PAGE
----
DOI: 10.3390/biom14010001 ISSN: 2218-273X

Altered CD39 and CD73 Expression in Rheumatoid Arthritis: Implications for Disease Activity and Treatment Response

María Angels Ortiz, Cesar Diaz-Torné, Juan Jose De Agustin, Paula Estrada, Delia Reina, María Victoria Hernandez, Hye Sang, Carlos Zamora, Elisabet Cantó, Hector Corominas, Silvia Vidal
  • Molecular Biology
  • Biochemistry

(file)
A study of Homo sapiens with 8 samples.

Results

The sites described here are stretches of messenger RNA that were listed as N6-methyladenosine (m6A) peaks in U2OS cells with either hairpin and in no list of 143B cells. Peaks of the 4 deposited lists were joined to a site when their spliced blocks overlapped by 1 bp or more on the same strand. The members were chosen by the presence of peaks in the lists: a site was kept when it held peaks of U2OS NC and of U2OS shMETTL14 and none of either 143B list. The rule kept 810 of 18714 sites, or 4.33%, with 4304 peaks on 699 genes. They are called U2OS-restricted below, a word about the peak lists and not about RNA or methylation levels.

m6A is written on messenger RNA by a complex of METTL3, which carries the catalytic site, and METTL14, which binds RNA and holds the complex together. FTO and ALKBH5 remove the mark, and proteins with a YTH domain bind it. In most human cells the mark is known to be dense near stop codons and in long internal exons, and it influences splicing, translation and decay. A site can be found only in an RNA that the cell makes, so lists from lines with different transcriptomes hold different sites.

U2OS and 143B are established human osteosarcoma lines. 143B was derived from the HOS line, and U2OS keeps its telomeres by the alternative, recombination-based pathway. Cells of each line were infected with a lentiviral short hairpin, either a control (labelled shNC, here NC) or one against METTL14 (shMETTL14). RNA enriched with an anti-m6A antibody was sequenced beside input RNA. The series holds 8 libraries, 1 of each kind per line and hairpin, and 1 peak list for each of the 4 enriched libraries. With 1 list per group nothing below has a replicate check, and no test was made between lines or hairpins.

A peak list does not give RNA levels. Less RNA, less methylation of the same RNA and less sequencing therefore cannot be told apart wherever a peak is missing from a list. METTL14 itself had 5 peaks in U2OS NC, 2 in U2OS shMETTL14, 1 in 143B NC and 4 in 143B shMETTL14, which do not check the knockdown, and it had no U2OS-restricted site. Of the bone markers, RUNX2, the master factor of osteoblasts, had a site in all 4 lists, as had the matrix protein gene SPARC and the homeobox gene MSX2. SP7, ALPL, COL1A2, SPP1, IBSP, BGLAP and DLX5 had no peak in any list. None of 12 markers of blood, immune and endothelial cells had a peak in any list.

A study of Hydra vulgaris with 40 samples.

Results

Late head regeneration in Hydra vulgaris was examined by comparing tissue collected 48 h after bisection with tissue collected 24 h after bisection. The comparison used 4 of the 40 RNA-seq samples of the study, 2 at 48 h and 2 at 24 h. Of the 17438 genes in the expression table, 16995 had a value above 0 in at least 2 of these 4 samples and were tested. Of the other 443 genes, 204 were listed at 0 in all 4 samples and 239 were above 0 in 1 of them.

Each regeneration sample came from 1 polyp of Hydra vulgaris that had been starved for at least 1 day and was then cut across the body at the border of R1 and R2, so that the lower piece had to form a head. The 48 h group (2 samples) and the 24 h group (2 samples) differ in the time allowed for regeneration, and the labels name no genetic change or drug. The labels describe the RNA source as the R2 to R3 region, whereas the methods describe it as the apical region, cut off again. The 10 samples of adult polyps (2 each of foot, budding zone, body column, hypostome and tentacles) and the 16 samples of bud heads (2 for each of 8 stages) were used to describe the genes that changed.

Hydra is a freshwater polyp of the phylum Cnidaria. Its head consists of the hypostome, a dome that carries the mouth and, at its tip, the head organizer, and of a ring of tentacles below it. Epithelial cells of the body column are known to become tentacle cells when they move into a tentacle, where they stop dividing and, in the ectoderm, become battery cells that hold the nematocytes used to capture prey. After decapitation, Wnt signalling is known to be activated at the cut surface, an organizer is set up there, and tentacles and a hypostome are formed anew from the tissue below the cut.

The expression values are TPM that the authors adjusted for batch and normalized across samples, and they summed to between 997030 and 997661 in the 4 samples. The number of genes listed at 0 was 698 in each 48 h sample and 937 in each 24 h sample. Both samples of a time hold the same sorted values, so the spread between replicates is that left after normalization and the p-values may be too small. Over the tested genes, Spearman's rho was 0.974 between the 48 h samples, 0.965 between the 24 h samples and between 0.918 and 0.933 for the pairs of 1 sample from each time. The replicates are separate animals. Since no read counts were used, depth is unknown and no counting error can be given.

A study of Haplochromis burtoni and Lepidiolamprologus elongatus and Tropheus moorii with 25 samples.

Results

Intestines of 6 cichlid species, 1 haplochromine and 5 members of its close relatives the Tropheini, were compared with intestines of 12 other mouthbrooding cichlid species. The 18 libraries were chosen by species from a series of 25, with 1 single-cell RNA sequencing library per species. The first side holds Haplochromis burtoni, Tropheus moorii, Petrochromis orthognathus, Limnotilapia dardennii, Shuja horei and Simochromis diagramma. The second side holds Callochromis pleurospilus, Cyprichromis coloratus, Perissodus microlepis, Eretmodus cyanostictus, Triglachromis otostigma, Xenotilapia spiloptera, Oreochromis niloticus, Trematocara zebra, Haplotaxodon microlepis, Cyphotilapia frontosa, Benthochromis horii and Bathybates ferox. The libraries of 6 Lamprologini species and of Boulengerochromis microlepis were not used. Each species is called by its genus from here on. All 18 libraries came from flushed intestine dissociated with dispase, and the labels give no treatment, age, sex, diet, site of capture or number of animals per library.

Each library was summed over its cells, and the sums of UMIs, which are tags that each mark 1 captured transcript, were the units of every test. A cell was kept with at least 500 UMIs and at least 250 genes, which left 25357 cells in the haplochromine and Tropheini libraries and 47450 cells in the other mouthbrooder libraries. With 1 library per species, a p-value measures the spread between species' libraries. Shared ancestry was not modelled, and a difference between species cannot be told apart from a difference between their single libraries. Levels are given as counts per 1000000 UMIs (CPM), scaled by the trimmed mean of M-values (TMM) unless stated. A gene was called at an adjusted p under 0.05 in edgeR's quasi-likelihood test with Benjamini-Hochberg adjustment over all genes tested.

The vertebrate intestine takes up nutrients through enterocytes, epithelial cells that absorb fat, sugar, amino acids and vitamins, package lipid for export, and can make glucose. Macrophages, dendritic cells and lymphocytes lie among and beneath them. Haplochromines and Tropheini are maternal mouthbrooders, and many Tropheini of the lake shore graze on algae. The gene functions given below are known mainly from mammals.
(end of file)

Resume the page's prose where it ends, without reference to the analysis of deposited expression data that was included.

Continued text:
In rheumatoid arthritis (RA) synovium, ATP, and ADP are released, sparking inflammation. Ectoenzymes CD39 and CD73 metabolize these purine nucleotides, generating anti-inflammatory adenosine. Therefore, dysregulated CD39 and CD73 expression may impact RA development. We assessed CD39 and CD73 expression in peripheral blood from 15 healthy controls (Cs) and 35 RA patients at baseline and after 3 and 6 months of tocilizumab treatment using flow cytometry. Additionally, ectoenzyme expression was examined on cultured T cells to understand activation and IL-6 effects. At baseline, RA patients exhibited a lower CD8+CD39−CD73+ cell percentage, which inversely correlated with DAS28. Additionally, they had lower percentages of Treg CD39+CD73+ and CD39−CD73− cells. Good responders tended to have lower B CD39+CD73+ cell percentages at baseline and 3 months. Additionally, Treg, CD8+ T and B cells inversely correlated with DAS28. T-cell activation increased CD39 and decreased CD73 expression, regardless of IL-6. IL-6 reduced IFNγ-secreting CD4+ T-cell percentage in Cs, but increased the percentage of IFNγ-secreting CD4+ and CD8+ T cells in RA patients. These findings indicate differing CD39 and CD73 expression in RA and Cs, influenced by T-cell activation and IL-6. Correlations between these molecules and RA activity suggest their role in dysregulated inflammation in RA.